But of course I'm insecure...Writers block throws you so far out of the loop. It's been a minute since I've heard feedback, rejection, accolades...I'm getting used to it all....Check this review...For some reason, after this review of my work I was on CLOUD NINE! Let me know what you think!
“I looked at part of it. It's very densely written, and I thought that there was more description than you needed, and the conversation didn't sound natural. I took out most of the attributions, since there were only two people talking, and it was easy for me to tell who was saying what. (Besides, when important information is being exchanged, the attributions get in the way, and a reader can often infer from the characters' words how they are saying them.) Criticism aside, this was very engaging, well-paced, and if I didn't have so many deadlines, I would have edited the whole text (although I did read it).”
Feedback Please! J
Saturday, January 24, 2009
I often ask myself, what components formulate a powerful voice? I proudly admit that I do have a powerful voice; however, it is often difficult for me to tap into my voice. Somewhere in the abyss of trying to sound intelligent, avoiding active/passive voice transgressions, attempting to lace in humor while fusing in a somewhat advanced vocabulary, I get lost. I find myself lost in transition from turning a monumental concept into a verbal or written expression. I consider my favorite musical artist Richard Smallwood. Even though I have never met him, with ease I can pinpoint ANYTHING he has written, simply based on the way the chords are voiced. This is the type of consistency I want my voice to have. I realize the more that I write, the more defined my voice will become—which is why I am writing this blurb in the first place, LOL. It also means a lot to me to have a trustworthy voice. If I DO indeed master the craft of honing in on my voice, I want the voice to be one that can be trusted. There are many voices that are cemented, but are not trustworthy (i.e. Rush Limbaugh, Anne Coulter, Howard Stern). These individuals have huge platforms and extremely consistent voices, but the quality of the verbiage which protrudes form their voice is often condescending, misleading, and at times, deceptive. As I continue to practice on finding MY voice, I ask for any feedback that could assist me in this tedious process.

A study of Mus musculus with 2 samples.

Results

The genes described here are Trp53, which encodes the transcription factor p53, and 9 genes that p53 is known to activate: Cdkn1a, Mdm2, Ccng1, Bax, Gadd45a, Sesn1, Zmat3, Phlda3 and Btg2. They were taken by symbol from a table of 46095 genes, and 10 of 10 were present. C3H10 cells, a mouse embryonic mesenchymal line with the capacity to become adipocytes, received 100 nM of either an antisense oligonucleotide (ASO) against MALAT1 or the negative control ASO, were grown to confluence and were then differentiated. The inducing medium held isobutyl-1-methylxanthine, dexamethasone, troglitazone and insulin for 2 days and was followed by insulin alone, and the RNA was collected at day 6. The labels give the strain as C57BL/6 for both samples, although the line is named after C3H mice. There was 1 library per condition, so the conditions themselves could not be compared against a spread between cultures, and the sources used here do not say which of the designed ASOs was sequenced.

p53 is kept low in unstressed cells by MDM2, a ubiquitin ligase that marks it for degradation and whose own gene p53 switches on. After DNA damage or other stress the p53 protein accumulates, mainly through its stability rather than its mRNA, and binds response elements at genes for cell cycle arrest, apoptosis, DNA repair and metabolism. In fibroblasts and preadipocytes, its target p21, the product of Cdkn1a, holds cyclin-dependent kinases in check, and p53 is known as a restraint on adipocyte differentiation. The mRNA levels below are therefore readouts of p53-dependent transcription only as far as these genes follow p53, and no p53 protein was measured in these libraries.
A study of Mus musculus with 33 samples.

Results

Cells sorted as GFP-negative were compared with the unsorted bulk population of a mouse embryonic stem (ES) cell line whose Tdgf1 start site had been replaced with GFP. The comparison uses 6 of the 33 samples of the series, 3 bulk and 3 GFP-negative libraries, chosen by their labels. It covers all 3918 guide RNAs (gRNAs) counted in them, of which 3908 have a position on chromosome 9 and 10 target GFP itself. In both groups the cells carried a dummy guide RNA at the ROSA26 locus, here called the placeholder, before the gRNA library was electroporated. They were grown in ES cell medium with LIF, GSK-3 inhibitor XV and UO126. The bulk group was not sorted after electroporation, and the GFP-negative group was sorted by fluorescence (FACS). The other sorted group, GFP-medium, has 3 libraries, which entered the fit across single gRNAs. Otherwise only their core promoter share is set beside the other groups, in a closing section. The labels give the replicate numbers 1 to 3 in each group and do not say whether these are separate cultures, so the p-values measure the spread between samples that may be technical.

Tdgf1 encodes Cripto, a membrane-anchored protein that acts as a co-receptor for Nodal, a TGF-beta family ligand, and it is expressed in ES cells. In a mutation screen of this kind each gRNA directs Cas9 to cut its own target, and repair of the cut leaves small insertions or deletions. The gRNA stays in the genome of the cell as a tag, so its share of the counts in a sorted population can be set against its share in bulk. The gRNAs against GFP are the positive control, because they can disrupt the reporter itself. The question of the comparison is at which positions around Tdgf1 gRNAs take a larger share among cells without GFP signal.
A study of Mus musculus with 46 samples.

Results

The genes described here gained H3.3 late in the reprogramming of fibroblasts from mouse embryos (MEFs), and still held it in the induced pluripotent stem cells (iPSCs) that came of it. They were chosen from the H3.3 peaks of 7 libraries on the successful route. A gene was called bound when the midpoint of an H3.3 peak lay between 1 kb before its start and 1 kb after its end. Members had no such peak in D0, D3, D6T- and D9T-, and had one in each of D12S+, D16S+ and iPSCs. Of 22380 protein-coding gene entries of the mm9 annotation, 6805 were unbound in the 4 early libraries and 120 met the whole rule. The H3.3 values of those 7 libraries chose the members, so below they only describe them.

Thursday, January 22, 2009
...I return. The same manuscript still lays scattered over my chocolate, plush duvet-cover. Not much has changed as I have THE greatest concept in my reach, but still lacking a finished product. Moments of accomplished valor are followed by extreme dry seasons of insecurity, doubt, and personal inhibitions. Yet, I still fight on--fighting to keep this child I have given birth to alive. Using my pencil to recussitate life into this script which has the potential to reconcile families all over the world. I've given chapters of my manuscripts to other fellow writers, readers, and editors. The feedback has been tremendous, but yet my confidence hangs in the looms. I feel like an adolescent boy scared to face the beautiful girl in math class who served as the source of his first wetdream. (Sorry for the explicit--but I'm sure you get the point) One close loved one told me, "Because you are about to delve into unchartered waters as a black male writer, you're probably a little shaky... It's easy to follow the beaten, familiar path, but tapping into those unchartered waters takes some Ca-hones! That's what's sparking the insecurity." Boy, was she ever right...I guess it's easy to accomplish things when the patent is made readily available. This journey is so tedious! Every T must be cross and every I dotted....the simplest, innocent error could land you IMMEDIATELY in the reject pile. That's a pretty heavy weight to carry at times...But yet I fight on...Wish me luck fellow writers!